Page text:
Is My Body Ready For an Induction?

By: Jennifer Cole | Induction | January 15, 2021

You may have heard or read that inductions can prolong labor and make the already long and arduous process of labor and childbirth take even longer. Nobody wants that, right? But perhaps you’re facing a medical issue, like Preeclampsia or Gestational Diabetes, which is making an induction an unavoidable step in ensuring the health and safety of you and your baby. Or maybe you’re 10+ days past your estimated due date and receiving pressure from your care providers to induce labor.

Is there any way to know if your body is ready for an induction? Yes, there is!

The average gestation of a human baby can vary anywhere between 37 to 42 weeks, and inductions may occur at any time in this window contingent on the particular circumstances of the pregnancy. Depending on where you land on the gestational continuum, you will be at greater or lesser degrees of readiness of going into labor on your own, which in turn will affect the success of an induction. The way to calculate this readiness is called the Bishop’s Score. It is a metrics that assesses 5 physical conditions of the cervix and baby’s position within the pelvis, assigning a number to each condition in order to determine overall readiness for labor.

In order to make an assessment, your care provider will need to perform a vaginal exam and will assign a number between 0 and 3 to each of the following five conditions to determine your overall Bishop Score:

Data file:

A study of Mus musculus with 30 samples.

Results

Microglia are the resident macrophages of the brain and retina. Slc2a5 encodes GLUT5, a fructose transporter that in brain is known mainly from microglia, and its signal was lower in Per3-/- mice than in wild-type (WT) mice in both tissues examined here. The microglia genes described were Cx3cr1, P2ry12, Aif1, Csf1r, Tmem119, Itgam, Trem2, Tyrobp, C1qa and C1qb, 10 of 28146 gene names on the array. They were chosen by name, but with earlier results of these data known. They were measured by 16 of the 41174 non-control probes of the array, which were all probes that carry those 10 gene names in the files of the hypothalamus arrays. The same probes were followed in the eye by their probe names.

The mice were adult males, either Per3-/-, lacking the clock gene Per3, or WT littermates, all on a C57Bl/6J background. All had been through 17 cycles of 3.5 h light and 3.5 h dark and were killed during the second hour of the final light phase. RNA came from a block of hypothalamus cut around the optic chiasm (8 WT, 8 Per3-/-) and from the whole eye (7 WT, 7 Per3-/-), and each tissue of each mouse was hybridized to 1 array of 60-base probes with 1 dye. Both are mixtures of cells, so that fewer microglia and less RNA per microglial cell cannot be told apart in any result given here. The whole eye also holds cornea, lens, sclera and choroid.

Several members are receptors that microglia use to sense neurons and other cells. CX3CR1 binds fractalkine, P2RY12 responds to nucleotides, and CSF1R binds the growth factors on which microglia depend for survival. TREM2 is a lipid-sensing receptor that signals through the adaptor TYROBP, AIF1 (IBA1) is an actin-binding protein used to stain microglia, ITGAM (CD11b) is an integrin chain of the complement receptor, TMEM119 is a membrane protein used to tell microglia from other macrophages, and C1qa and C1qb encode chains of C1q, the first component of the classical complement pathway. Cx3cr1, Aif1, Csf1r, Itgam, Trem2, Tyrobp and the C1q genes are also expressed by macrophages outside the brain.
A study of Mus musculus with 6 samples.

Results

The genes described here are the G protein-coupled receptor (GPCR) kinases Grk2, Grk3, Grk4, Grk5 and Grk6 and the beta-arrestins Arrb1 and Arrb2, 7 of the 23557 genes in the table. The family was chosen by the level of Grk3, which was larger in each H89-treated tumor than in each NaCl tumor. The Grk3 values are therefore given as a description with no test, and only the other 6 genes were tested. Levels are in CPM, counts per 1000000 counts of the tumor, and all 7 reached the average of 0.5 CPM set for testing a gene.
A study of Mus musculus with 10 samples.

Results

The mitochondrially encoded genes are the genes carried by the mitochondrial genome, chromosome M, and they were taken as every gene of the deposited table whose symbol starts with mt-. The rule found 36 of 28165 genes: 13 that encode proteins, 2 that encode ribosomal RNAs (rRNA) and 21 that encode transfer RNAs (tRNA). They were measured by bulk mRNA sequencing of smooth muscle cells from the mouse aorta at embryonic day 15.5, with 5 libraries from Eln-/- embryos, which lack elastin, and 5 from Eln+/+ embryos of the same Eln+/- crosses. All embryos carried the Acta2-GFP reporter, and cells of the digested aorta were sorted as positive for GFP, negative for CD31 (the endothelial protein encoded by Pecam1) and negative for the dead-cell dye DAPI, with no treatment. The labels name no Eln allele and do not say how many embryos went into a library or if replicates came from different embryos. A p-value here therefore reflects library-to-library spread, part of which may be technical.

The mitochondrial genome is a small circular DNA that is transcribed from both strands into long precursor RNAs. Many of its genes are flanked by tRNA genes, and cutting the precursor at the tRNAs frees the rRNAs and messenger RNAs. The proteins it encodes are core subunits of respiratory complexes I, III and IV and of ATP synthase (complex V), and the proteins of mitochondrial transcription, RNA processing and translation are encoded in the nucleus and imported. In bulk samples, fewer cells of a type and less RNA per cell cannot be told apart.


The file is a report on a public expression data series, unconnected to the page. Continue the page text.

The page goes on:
• Cervical dilation in centimeters, i.e., how far the cervix has opened (e.g., closed to 5+ cm)
  • Cervical effacement, i.e., how thin your cervix is based on percentage (e.g., 0%-80%+)
  • Cervical consistency (e.g., firm, medium, soft)
  • Cervical position (e.g., pointing posterior, mid-position or anterior)
  • Fetal station, i.e., the position of the fetal head in relation to the pelvic bones (e.g., -3 – +2 cm)

A higher Bishop score, e.g., a score of 8 or higher, indicates a high likelihood of going into labor spontaneously or a successful induction. A score of 6-7 indicates a lower likelihood of spontaneous labor and induction may or may not be successful. A score of 5 or lower would indicate an even lower likelihood of spontaneous labor and induction will likely not be successful. Approximately 20% of inductions are not successful, i.e., active labor isn’t achieved; in these cases another induction may be attempted at a later date or labor subsequently starts on its own.

Before agreeing to an induction, whatever the reason, you may want to first request that your care provider perform a vaginal exam and determine your Bishop Score before making any further decisions about the timing. If for example you’re ten days past your guess date and you score an 8 or higher, you may decide to decline an induction since spontaneous labor is imminent. On the other hand, you may agree to induction since your cervix is “favorable” increasing the likelihood of it being successful.

If you fall into a high-risk category which is making induction a necessity for a healthy outcome, it’s still good to find out your Bishop Score so you can better anticipate the length of time your induction may take and the types of procedures that will be used to increase the likelihood of a successful induction.

About the author:
Jennifer Cole CD(DONA) DONA Certified Birth Doula and Hypnobabies Certified HypnoDoula supporting families throughout San Diego County.